Meet the Dean: Manuel Muñiz and the state of International Relations
The puzzling events taking place in international relations are being driven by greater underlying themes represented by twin forces: technological change and globalization. Great economic prosperity, as never before, coupled with a vanishing social contract lies at the heart of the global commotion of these times. Such a context is being propelled by changes in technology that in turn directly impact the labor market and boost inequality.
In the middle of October, as the new academic year at the IE School of International Relations enters in full swing, Dean Manuel Muñiz invited students from the Masters (MIR) and Bachelor program for a presentation on some of the issues that the School is focusing on and are the pulse of global policy and international economy. These themes, and others, are already sparking debates in the lectures at the MIR, as they are omnipresent. No doubt they will be a main source of discussion in the months to come.
The global context in these times of rapid change is a world evolving around political upheaval and abundant contradictions in the economy which feed off each other. Widespread protest votes are mainstream – Germany and Austria being the most recent examples. The combination of the stagnation of income of the middle class, growing inequality and a radicalization of politics are three main pillars of today’s global scenario.
As Manuel Muñiz put it, “there is an economic argument to the political upheaval.” For example, “since the 1970s advanced economies have seen a strong productivity increases and stagnant labor income. This is a major breach of our social contract,” said the Dean to all international students who gathered in María de Molina, in the heart of Madrid. “From 1973 to 2013 productivity of goods and services in the US grew by over 240% while labor wages remained stagnant,” he mentioned as another example of the moment we are in.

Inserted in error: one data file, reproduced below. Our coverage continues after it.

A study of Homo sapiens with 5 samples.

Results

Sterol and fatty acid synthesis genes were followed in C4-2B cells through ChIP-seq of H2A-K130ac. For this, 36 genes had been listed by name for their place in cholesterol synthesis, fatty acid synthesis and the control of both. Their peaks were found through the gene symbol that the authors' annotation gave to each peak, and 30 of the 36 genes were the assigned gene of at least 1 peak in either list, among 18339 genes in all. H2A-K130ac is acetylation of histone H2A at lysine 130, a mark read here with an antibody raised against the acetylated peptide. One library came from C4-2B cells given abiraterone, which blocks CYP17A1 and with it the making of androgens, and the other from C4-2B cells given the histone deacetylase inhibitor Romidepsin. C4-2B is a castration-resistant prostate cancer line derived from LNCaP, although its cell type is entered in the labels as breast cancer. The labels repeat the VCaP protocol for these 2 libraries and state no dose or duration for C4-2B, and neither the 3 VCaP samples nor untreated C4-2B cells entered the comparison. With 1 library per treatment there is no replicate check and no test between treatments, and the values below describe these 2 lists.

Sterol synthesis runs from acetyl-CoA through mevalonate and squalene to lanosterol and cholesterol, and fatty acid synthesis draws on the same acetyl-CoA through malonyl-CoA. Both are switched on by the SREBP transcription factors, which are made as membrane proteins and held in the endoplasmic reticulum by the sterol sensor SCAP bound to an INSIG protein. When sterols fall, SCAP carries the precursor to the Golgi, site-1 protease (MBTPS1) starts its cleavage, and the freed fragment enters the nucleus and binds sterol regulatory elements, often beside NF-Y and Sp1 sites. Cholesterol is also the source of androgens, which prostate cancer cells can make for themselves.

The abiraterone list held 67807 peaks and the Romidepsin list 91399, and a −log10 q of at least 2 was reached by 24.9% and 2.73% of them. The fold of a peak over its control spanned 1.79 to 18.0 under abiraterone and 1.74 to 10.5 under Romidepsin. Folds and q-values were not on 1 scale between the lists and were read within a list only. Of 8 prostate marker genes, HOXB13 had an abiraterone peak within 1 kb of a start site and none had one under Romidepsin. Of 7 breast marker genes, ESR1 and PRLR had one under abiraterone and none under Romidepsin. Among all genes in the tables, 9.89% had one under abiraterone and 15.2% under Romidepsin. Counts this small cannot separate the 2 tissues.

Manuel, who obtained his analysis from strong economic data and used graphs to support his argument during the entire presentation, is the founding director of IE University’s Center for the Governance of Change, studying the above mentioned challenges and other changes in the public and private sector. Among the solutions and frameworks the Center is covering to manage these challenges is the proposition of a new social contract, including a transformation of the sources of income of the state and a new redistribution tool, as well as the needed change in role of the private sector.
The need to understand, analyze and explain such forces of change are key for the future of international relations. The transformation is here to stay and the complexity of the global vectors of action will only grow deeper and wider hence the socioeconomic conditions that we are able to improve today will be beneficial for generations to come.